FIRDAY morning saw the gold price drop below $1700 an ounce again, while stock markets, commodities and the Euro all fell ahead of the final US nonfarm payrolls release of 2012.
Accrding to several sources the consensus forecast among analysts ahead of the report was for 93,000 jobs added in November, with the official unemployment rate expected to hold steady at 7.9%.
"US payroll data will be the main number focus today but there's probably two reasons why we might expect less reaction than normal," says Standard Bank analyst Steve Barrow.
"The first is that the markets are clearly fixated by the fiscal cliff and it is doubtful that any data is going to have a significant impact until the cliff is sorted. Secondly, economic growth this quarter will be written off due to the impact of [Hurricane] Sandy."
"If the unemployment rate should turn out to be higher than anticipated, the US Federal Reserve may decide at its meeting next week to top up [its latest asset purchase program] 'QE3'," says today's commodities note from Commerzbank, though it too acknowledges that today's employment numbers "will be distorted as a result of Hurricane Sandy."
"A weaker-than-expected number could have a [gold positive] impact on the Fed meeting," agrees Ole Hansen, head of commodity strategy at Saxo Bank.
"But it could also help force the hands of US politicians [negotiating over the so-called fiscal cliff], as they can see that the economy is hurting from the lack of knowledge about where it stands on January 1."
Heading into the weekend, gold looked set for a 1.1% weekly loss by Friday lunchtime in London, the second successive weekly drop.
Bullishness among gold traders has fallen to its lowest level in seven weeks, according to a survey by news agency Bloomberg, which found 14 of 31 analysts expect the gold price to rise next week, the lowest proportion since October 19.
"We will get momentum again, but I don't think it's going to come until after the first of the year," says Jeffrey Sica, president of SICA Wealth Management in New Jersey.
"Hedge funds that have underperformed and need to raise liquidity for redemptions are likely to sell their winners."
Silver meantime fell to $32.82 an ounce this morning, 1.9% down from where it started the week.
The European Central Bank yesterday cut its economic growth forecasts for next year, while it also lowered its outlook for Eurozone inflation.
ECB president Mario Draghi told a press conference that 2013 projections for Eurozone growth made by central banks staff range from a 0.9% contraction to growth of 0.3%. This is down from the range of minus 0.4% to 1.4% 2013 growth projected back in September.
"Inflation rates are expected to decline further to below 2% next year," added Draghi.
"Over the policy-relevant horizon, in an environment of weak economic activity in the euro area and well-anchored long-term inflation expectations, underlying price pressures should remain moderate."
The Bundesbank meantime has cut its forecast for German economic growth to 0.4%, down from 1.6% predicted back in June.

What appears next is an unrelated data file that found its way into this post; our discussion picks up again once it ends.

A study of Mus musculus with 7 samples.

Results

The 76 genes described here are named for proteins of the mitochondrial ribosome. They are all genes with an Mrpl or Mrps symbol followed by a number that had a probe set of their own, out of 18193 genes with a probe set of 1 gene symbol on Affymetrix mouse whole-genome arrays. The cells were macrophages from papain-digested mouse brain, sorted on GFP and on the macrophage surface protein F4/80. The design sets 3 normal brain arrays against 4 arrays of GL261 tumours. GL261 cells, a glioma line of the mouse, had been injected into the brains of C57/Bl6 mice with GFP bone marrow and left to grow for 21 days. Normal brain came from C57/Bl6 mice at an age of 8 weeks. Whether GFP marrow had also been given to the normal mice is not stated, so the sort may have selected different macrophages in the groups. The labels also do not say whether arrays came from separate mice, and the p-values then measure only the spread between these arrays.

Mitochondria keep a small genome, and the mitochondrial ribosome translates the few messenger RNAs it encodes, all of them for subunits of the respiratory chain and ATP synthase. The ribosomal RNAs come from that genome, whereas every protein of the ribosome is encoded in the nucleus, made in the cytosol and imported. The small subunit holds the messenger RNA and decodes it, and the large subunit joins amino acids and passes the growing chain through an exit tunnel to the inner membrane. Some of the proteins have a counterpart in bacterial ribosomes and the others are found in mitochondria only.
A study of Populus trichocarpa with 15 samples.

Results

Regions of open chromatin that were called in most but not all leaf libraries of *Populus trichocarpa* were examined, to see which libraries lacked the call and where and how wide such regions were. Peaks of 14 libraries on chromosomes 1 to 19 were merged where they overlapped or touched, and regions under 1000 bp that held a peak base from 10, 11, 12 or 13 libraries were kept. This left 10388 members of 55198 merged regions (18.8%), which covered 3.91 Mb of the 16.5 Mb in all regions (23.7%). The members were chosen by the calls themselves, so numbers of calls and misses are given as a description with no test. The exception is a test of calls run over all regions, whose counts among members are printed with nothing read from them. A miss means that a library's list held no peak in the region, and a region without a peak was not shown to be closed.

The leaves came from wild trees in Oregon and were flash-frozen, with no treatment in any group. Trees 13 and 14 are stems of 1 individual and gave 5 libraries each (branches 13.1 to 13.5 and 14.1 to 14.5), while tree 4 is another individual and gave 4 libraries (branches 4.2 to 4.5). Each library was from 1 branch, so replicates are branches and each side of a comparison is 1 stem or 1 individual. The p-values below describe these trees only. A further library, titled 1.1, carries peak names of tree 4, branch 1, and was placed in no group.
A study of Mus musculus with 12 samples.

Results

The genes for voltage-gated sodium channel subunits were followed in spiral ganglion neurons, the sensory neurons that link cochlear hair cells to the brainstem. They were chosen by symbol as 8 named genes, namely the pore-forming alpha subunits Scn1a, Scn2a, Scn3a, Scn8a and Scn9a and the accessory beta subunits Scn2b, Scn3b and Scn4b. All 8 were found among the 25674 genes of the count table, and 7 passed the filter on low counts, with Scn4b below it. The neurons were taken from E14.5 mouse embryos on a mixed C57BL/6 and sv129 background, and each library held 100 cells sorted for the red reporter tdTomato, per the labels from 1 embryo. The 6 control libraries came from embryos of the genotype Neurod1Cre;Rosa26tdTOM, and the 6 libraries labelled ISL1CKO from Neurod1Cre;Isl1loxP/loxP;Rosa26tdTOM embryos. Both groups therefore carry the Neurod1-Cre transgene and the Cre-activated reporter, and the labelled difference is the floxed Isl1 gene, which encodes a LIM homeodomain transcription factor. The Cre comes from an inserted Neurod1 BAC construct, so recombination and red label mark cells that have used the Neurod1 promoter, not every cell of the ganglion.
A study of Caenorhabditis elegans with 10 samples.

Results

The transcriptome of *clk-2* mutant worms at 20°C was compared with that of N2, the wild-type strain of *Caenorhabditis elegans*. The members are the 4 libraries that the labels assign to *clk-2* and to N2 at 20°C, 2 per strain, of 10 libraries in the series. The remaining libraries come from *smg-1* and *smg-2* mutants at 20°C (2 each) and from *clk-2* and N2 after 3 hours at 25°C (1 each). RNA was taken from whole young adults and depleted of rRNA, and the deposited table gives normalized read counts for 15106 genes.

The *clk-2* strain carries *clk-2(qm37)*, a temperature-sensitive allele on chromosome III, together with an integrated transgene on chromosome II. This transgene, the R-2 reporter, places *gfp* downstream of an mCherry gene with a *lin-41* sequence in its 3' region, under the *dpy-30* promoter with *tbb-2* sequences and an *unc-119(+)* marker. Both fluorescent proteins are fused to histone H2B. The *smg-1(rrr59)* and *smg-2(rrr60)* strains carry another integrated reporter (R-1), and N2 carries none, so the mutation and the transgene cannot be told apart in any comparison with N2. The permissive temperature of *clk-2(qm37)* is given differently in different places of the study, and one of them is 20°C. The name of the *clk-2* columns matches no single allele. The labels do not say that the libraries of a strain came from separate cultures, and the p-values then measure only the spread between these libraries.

"However, there's reasonable hope that the phase of economic weakness won't last too long and Germany will return to growth," said a statement from Germany's central bank.
The Euro extended Thursday's losses against the Dollar this morning, ending Friday morning in London around 1.6% below Wednesday's seven-week high.
Following yesterday's drop for the single currency, gold in Euros has risen back above €42,000 per kilo, though it remains below where it started the week.
UK consumers expect an inflation rate of 3.5% over the coming year, up from 3.2% expected back in August, according to the Bank of England's latest Inflation Attitudes Survey published Friday.
UK manufacturing output meantime fell 1.3% in October compared to a month earlier, and 2.1% year-on-year, while overall industrial production was down 0.8% over the month and 3.0% year-on-year, official figures published Friday show.
"Triple dip [recession] watch starts here," says Scotiabank economist Alan Clarke.
Britain's next government will likely have to raise taxes as a result of "inconceivable" spending cuts proposed in Wednesday's Autumn Statement by UK chancellor George Osborne, according to report published yesterday by think tank the Institute for Fiscal Studies.
Hong Kong meantime exported just under 47.5 tonnes of gold bullion to China in October, a 32% drop from the previous month and a 10-month low, Hong Kong government data published Friday show. Hong Kong acts as a major conduit for Chinese gold imports from the rest of the world.
Over in India, traditionally the world's biggest source of private gold demand, the Rupee failed to hold onto Thursday's gains against the Dollar earlier today.
"Demand is not very high today as [gold] prices have increased," says Mayank Khemka, managing director at Khemka Group, a wholesaler in Delhi, though he added that the festival season has seen "some revival in demand" during December.
"Structural policy measures are needed to reduce [India's] vulnerability emanating from high oil and gold imports," Shri Deepak Mohanty, executive director at India's central bank, said in speech Friday.
"Gold seems to have become a safe investment asset and a hedge against inflation as is observed in other advanced economies."
Mohanty argued that the "dematerialization" of gold, meaning the encouragement of investment in gold-linked instruments rather than ownership of the metal itself, could be a way of reducing imports of physical bullion with a view to improving India's balance of payments.
"Inflation indexed bonds could also be another option to offer investors the inflation linked returns and detract them from gold investments," he added.